The new Aggie Square campus near the UC Davis hospital in Sacramento is being advertised as a hub of innovation for the university, but the new rehab facility there might not be staffed by UC employees.
UC Davis is partnering with a national company called Kindred Healthcare to build the new 40-bed physical rehabilitation center, and that company — which owns 51 percent of the project — will be doing the hiring. When the current rehabilitation units close due to seismic compliance deadlines taking effect in 2020, administration says those workers can apply for jobs with Kindred, or they can take jobs elsewhere in the main hospital or at outpatient clinics. They say no one will be laid off.
Still, labor groups are raising the alarm about what they allege is outsourcing. It’s a practice that involves replacing in-house employees with outside workers, often because they’re cheaper or more specialized. It’s happening increasingly in health care as hospitals feel the financial strain of more patients and lower reimbursement rates. The outsourcing question has been a main point of contention in recent UC-wide strikes.
The therapists, social workers and nurses in UC Davis’s current rehab department say if Kindred hires new staff to take their spots, patients will see a drop in quality.
Jasmine Tobin is a certified occupational therapy assistant who’s been working with local UC labor union AFSCME 3299 on the issue.
“It just feels like such a disservice to our community to not bring us, as skilled clinicians, to this new area to be able to provide that,” she said. “It’s really heartbreaking.”
Steve Telliano, assistant vice chancellor for public affairs at UC Davis Health,says UC Davis wouldn’t have been able to build the new $60 million facility without partnering with Kindred. And he says it’s not outsourcing, it’s job creation. He expects there will be more than 200 new positions at Kindred, while the existing positions at UC Davis Medical Center stay intact.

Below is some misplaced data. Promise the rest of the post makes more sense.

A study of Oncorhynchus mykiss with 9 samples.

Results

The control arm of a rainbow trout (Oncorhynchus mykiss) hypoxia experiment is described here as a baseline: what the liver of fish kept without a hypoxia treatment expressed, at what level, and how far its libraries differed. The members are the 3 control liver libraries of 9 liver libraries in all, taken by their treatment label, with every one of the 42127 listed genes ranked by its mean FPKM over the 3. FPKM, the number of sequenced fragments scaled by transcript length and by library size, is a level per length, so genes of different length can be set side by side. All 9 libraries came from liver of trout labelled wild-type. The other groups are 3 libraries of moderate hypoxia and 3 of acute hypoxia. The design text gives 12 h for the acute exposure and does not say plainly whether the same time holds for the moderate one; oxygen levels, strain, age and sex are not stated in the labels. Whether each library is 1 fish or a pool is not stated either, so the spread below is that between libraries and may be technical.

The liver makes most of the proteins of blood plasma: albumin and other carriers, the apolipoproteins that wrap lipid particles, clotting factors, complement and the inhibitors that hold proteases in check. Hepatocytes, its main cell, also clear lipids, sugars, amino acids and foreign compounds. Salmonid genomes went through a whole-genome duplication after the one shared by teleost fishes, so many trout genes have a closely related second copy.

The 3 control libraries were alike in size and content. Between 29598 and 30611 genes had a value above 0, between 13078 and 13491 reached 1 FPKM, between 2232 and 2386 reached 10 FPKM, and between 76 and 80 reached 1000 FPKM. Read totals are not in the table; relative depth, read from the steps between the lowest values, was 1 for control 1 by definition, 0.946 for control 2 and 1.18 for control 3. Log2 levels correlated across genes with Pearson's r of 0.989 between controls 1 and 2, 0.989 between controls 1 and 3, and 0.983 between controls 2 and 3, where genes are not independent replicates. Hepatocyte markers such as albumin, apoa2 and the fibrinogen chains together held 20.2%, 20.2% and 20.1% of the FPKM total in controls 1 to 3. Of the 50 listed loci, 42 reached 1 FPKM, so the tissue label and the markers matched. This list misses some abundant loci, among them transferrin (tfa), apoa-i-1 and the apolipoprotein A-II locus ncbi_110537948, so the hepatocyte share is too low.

Telliano thinks UC employees can find jobs at the new facility, and says the public-private partnership is a key component of the new Aggie Square project.
“Kindred has said they’re really interested in hiring our employees, because they’re very good,” he said. “It’s going to create new jobs doing additional physical therapy, and even, we hope, new kinds of physical therapy, so this is a net job partnership.”
Tobin says she doesn’t want to work for Kindred, and that her colleagues are dubious about the company’s credibility. She says her future — including how she’ll provide for her family — has suddenly become uncertain.
“It’s uprooted a lot of emotions that I never expected, thinking that this was gonna be where I was retiring doing what I absolutely love to do,” she said.
Dr. Richard Sheff, chief medical officer with a healthcare consulting firm called the Greeley Company, said there are times when outsourcing makes a lot of sense, such as when hospitals contract with food companies to hire meal service staff. But some situations are more likely to lead to labor disputes.
“If you’re an employee in a hospital or health care system, and the hospital chooses to outsource what you do to another company, one might feel wronged in the process,” he said. “However, organizations at any business have to figure out how to provide a service at the highest quality and lowest cost.”
Outsourcing could become even more common as jobs that had to be done in person go digital and can be assigned to faraway labor, said Dr. Robert Wachter, a physician at the University of California, San Francisco who studies the way hospitals work.
“We’re beginning to see things like radiology or pathology get outsourced every now and then because the doctor doesn’t need to look at a physical X-ray or a physical pathology slot anymore, they can look at a digital image,” he said.
The labor union is currently voicing concerns to UC Davis administration about staffing at the new facility.
Correction: This story has been updated to reflect the price of constructing the new rehabilitation facility.